Folly Brook

River in/near Woodside Park, existing until now

FEBRUARY
2
2012

Folly Brook is a 2 1⁄4 mile long brook.

Confluence of Folly Brook (left) with Dollis Brook.
Credit: Dudley Miles
It is a tributary of Dollis Brook, which is a tributary of the River Brent, which is itself tributary of the River Thames. Folly Brook is lined for most of its length by narrow strips of woodland and scrub, with a good variety of trees and shrubs.

It is home to many small aquatic invertebrates, including several species of caddis fly and a stonefly, which are only found in unpolluted waters.

Folly Brook rises near the bottom of Highwood Hill, Mill Hill, and flows east through fields and public open spaces to Woodside Park. From Highwood Hill to Darland’s Lake Nature Reserve the brook passes through private land which is not open to public access, apart from a short section next to a footpath through Folly Farm. Darland’s Lake was originally ornamental, created by damming the brook, but the lake and surrounding woods are now a nature reserve.

The lower part of the brook from Darland’s Lake through Folly Brook Valley to the junction with Dollis Brook is public open space. A footpath alongside the brook starts close to the Darland’s noticeboard east of the lake, and goes through woods to grassland between Burtonhole Lane and Pasture and Woodridge Nature Reserve, where it is joined by its tributary, Burtonhole Brook. Folly Brook then goes under Southover to meet Dollis Brook not far from Woodside Park Underground station, connecting it with the Dollis Valley Greenwalk.

Until 1965 the brook marked the boundary between the boroughs of Hendon to the south and Totteridge to the north. Hendon was in Middlesex and Totteridge in Hertfordshire, and the brook was thus also the boundary between the two counties.


Dudley Miles


 

Woodside Park

Woodside Park is a place in the London Borough of Barnet.

It is very varied in character. The area to the east of the tube station consists predominantly of large Victorian houses, many of which have been converted into flats.

The area grew because of Woodside Park station. This was planned by the Edgware, Highgate and London Railway (EH&LR) and was originally opened as Torrington Park on 1 April 1872 by the Great Northern Railway (which had taken over the EH&LR).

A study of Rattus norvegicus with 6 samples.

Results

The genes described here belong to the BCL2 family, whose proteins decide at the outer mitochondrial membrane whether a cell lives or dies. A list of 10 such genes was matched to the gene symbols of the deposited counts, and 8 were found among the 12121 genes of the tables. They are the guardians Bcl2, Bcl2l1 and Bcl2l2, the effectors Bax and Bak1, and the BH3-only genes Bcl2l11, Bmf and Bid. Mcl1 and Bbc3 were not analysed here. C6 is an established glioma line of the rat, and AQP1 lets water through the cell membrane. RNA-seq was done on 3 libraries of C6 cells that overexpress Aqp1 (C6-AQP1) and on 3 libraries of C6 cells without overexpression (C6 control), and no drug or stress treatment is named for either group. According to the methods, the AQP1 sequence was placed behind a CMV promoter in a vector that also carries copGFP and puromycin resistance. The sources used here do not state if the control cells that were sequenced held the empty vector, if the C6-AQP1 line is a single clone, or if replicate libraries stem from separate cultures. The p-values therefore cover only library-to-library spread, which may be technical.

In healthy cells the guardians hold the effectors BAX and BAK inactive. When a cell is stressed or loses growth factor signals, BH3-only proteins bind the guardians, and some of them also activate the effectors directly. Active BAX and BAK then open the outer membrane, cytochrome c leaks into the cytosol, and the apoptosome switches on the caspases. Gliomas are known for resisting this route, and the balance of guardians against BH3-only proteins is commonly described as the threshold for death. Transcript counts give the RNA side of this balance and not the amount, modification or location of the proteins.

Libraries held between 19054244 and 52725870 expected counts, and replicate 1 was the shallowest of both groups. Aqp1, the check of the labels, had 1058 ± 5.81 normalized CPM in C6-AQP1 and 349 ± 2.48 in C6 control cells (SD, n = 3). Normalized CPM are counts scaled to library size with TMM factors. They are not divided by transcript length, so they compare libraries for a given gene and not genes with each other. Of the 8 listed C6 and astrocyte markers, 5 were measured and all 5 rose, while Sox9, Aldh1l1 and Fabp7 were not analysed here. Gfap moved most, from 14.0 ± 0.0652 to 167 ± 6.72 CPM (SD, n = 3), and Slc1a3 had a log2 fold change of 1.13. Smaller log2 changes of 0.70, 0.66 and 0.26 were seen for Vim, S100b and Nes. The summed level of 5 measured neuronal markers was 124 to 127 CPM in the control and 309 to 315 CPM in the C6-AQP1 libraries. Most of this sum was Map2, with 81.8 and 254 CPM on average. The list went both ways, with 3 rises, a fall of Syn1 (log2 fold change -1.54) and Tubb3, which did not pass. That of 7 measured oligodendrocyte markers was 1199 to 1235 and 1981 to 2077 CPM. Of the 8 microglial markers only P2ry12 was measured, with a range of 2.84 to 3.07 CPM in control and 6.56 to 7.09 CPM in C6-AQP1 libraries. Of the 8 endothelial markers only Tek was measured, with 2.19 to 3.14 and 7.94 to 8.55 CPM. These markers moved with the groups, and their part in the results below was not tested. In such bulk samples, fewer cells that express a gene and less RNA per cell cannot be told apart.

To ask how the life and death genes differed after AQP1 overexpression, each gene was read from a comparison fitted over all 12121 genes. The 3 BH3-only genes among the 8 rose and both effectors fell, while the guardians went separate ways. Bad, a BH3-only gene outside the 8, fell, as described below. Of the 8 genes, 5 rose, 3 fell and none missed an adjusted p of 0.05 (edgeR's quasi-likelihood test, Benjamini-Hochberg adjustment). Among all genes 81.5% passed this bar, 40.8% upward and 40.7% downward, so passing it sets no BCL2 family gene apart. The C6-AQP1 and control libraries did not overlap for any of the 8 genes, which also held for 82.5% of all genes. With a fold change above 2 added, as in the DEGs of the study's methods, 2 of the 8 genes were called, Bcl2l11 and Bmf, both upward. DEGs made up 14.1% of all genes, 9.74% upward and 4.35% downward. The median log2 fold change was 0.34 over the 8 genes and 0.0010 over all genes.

The station was on a branch of a line that ran from Finsbury Park to Edgware via Highgate. The station was renamed within a month of opening, and again in 1882.

After the 1921 Railways Act created the Big Four railway companies the line was, from 1923, part of the London & North Eastern Railway (LNER). The section of the High Barnet branch north of East Finchley was incorporated into the London Underground network through the "Northern Heights" project begun in the late 1930s. The station was first served by Northern line trains on 14 April 1940 and, after a period where the station was serviced by both operators, LNER services ended in 1941. The station still retains much of its original Victorian architectural character today.

The north-western part of the area, which can also be regarded as the part of Totteridge in N12 rather than N20, is sometimes called Woodside Park Garden Suburb and consists of semi-detached or detached 3 to 4 bedroom houses built in the 1950s. It includes the Woodside Park Club.

The eastern boundary of the Garden Suburb is the Dollis Brook and the southern boundary is the Folly Brook. To the south of this Suburb is an area of 1920s and 1930s houses, where many of the roads are named after places in Sussex, such as Sussex Ring and Cissbury Ring.

Between the Garden Suburb and the Northern Line is an area originally of Victorian housing. Many of the houses, including the former residence of Spike Milligan, have been pulled down and replaced by modern housing or blocks of flats. Much of this area consists of a council estate where Emma Bunton grew up.

There is a small amount of commercial activity around the mini roundabout at Chanctonbury Way, which was originally the main shopping area for Woodside Park, providing basic services such as a post office, a butcher and an ironmonger. Since the creation of North Finchley shopping parade, many of the original shops have closed down and have been replaced by specialised businesses.